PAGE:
How portable hand wash units are becoming crucial during infection outbreaks – including coronavirus

Regular hand washing with soap and water “the most effective method”

How portable hand wash units are becoming crucial during infection outbreaks – including coronavirus

Coronavirus, now named Covid-19, is rapidly spreading across the globe, making effective hand hygiene measures even more important than ever. Portable hand washing stations are becoming an important part of the strategy, according to a recent report on the Clinical Services Journal (CSJ) website.

Washing with soap and water is by far the most effective way of controlling the spread of the infection says the article on the grounds that NHS advice “…warns about any reliance on alcohol hand gels as they don’t kill the virus”.

Hand washing should occur as a highest priority, particularly at certain times, notably:

“Wash your hands often with soap and water for at least 20 seconds, especially after going to the bathroom; before eating; and after blowing your nose, coughing, or sneezing.”

Deploying handwash stations at the point of need

The other crucial part of the equation is for hand washing facilities to be available where they’re actually needed. Which is why hospitals around the UK are now making effective use of portable units.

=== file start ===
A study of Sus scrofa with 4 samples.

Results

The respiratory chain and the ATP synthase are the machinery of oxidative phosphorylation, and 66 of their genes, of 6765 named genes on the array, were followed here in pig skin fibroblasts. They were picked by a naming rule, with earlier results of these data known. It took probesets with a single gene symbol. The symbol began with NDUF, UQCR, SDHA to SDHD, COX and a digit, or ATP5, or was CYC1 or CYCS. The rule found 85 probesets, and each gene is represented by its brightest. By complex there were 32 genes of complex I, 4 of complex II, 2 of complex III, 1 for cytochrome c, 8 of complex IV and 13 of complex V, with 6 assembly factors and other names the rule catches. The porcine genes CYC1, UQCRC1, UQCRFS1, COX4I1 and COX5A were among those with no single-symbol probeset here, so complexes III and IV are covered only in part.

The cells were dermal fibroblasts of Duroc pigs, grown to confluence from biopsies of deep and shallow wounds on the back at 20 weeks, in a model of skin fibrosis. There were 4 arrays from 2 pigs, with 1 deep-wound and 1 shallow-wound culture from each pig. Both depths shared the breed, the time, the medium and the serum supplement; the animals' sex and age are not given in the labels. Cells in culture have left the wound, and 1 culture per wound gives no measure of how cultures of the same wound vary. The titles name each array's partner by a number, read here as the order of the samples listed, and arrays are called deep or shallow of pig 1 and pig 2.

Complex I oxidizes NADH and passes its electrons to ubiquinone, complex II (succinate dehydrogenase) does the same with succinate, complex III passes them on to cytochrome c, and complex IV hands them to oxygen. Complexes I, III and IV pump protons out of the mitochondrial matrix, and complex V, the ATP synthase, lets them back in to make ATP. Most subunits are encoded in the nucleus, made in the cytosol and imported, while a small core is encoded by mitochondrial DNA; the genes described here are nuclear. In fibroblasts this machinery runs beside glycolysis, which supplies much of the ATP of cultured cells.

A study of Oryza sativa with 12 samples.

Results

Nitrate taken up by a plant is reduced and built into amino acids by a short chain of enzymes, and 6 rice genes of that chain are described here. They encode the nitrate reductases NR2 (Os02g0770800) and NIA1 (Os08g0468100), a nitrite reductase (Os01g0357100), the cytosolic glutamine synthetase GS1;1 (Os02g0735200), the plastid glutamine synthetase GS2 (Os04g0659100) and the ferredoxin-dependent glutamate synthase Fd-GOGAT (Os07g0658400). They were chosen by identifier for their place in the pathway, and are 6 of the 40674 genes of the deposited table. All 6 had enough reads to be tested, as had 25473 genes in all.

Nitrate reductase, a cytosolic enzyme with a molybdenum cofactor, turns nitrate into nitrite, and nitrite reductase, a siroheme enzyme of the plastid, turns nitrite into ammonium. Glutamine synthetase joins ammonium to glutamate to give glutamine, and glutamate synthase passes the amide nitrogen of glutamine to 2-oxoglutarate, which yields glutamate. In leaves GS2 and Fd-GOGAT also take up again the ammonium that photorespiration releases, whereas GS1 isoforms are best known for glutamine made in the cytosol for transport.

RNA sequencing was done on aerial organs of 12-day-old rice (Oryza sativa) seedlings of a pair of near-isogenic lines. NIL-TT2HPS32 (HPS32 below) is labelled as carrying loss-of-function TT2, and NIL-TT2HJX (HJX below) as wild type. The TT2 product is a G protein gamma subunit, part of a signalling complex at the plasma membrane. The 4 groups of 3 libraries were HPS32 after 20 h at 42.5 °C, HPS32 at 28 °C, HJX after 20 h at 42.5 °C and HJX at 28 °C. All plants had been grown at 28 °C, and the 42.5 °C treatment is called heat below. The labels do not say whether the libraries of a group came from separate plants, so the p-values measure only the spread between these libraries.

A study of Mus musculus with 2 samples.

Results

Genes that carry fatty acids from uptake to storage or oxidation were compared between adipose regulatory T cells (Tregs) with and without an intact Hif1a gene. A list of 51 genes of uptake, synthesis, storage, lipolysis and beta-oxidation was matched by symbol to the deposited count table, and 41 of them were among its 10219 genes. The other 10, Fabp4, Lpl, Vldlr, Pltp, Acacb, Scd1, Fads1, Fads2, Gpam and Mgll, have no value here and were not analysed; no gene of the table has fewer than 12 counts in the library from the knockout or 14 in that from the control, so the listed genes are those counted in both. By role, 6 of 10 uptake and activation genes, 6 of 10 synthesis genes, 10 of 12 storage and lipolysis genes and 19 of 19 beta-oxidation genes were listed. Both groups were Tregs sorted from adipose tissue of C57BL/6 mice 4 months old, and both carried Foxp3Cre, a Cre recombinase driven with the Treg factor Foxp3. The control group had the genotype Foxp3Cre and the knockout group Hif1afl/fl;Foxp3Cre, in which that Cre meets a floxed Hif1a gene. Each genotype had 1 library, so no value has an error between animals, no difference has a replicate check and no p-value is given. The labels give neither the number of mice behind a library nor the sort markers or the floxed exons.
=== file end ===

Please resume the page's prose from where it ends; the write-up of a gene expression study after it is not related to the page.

Perhaps the highest profile example is Arrowe Park Hospital in the Wirral, which is managing the quarantine of people recently flown back from China. The Department of Health and Social Care designated it an “isolation” facility in a coronavirus statement a few days ago.

The Hospital recently purchased three MediWash portable handwash units (shown above). “Two are being used in the residential isolation block and the other in the ‘pod’ that is being used to test for the virus” advises the article. The infection control aspect is greatly enhanced by the video screen hand washing instructions and the automatic sensor which activates the flow of water with the need to touch any taps.

The MediWash has also been recently supplied to Leicester Royal Infirmary, and the Royal Wolverhampton Hospital, with five Stallette portable units (shown below) reportedly going to Addenbrooke’s Hospital in Cambridge.

Isolation pods being set up

Hospitals in the UK have been required to set up isolation booths, in which patients can be situated if they are suspected to have coronavirus.

“Isolation ‘pods’ have emerged at hospitals across England as the country responds to the threat of further infection.”